Use a combination of small apertures and wide lens to take a number of photographs exploring deep depth of field. Because of the small apertures you’ll be working with slow shutter speeds and may need to use a tripod or rest the camera on a stable surface to prevent ‘camera shake’ at low ISOs. Add one or two unedited sequences, together with relevant shooting data and an indication of your selects, to your learning log.
I shot this exercise several times. Demonstrating depth of field seemed to be a simple exercise I managed to confuse myself twice! The first when I downloaded my sequence I truly thought that using my 24mm-105 lens that I’d shot at around 25mm but when I checked I’d shot everything at 80mm focal length! The second time I did not manage to get close enough to the canal boats to achieve the feeling of “being in the shot”, so my third attempt was to set up some bottles on the table at home and demonstrate, using a 17 -40mm wide angle lens and with an ISO of 400 because of the extremely dull conditions I managed to more effectively demonstrate depth of field using small apertures and wide angle view.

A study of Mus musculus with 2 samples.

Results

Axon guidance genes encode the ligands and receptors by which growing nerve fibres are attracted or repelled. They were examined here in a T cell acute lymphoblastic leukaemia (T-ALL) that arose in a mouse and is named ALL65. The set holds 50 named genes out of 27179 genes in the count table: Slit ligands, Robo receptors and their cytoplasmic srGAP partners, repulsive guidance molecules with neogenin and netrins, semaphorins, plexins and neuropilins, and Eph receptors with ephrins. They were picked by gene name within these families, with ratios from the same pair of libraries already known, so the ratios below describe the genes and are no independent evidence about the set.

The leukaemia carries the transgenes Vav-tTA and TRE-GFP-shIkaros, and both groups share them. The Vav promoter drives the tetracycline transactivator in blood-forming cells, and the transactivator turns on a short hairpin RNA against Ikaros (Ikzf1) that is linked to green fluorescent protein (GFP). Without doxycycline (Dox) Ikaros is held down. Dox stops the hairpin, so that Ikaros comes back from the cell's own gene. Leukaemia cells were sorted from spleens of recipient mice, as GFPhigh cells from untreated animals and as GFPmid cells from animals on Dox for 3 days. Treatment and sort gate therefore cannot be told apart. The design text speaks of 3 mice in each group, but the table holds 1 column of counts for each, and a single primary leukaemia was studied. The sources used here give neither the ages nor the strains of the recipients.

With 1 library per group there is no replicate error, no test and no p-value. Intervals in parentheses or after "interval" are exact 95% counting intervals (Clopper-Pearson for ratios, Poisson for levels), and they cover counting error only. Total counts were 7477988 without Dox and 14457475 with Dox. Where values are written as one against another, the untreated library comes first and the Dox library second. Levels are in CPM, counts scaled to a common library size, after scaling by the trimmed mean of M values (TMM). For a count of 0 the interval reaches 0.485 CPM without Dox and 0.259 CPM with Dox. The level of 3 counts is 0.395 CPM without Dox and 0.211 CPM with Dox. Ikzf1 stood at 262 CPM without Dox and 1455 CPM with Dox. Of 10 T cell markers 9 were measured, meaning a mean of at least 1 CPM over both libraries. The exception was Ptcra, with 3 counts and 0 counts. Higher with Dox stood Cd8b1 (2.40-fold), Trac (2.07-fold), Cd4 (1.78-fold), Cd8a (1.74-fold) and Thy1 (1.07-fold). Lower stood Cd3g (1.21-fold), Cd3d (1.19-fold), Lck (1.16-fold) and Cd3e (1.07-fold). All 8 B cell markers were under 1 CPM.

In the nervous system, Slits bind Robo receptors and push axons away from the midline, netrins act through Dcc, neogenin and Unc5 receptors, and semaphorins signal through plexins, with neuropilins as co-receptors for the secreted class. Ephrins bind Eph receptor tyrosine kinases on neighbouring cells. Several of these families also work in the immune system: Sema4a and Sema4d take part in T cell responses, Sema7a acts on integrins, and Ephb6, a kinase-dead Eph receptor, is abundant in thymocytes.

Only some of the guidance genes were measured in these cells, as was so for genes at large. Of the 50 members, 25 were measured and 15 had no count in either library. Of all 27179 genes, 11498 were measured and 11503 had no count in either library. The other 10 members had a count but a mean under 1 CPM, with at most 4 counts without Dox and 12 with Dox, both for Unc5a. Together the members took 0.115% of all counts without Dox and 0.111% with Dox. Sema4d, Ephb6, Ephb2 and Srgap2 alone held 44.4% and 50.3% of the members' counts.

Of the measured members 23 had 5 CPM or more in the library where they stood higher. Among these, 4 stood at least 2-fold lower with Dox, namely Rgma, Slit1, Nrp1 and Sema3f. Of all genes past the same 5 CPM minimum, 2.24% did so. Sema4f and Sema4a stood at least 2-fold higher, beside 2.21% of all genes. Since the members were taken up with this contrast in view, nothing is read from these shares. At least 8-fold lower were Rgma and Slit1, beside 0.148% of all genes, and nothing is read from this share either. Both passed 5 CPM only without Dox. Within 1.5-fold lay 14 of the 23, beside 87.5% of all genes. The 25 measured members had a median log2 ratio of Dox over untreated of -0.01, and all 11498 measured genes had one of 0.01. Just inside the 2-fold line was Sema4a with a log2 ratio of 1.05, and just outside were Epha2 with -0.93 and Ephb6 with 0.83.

ISO 250, FL35mm, f22@ 1/15sec
ISO250, FL 35mm, f20 @ 1/15sec
ISO250, FL35mm, f8, 1/125sec.
Not only did I not get close enough to the barges but all of the images are slightly under exposed. The actual difference in focus between the foreground and background show very subtle differences which can really only be seen when the image is blown up at 3:1 ratio. This is the same for the indoor images too.
ISO400, FL22mm, f22 @ 1/10sec
ISO400, FL22mm, f16 @1/20sec
ISO400, FL22mm, f8 @1/80sec.
In this second set of images the small screw in the foreground is out for focus between f8 and f14 but then becomes increasingly clearer up to f22.
None of my attempts are particularly imaginative or in fact well composed. I seem to be having trouble assessing the closeness of the image even when using live view on the camera. Something I need to work on.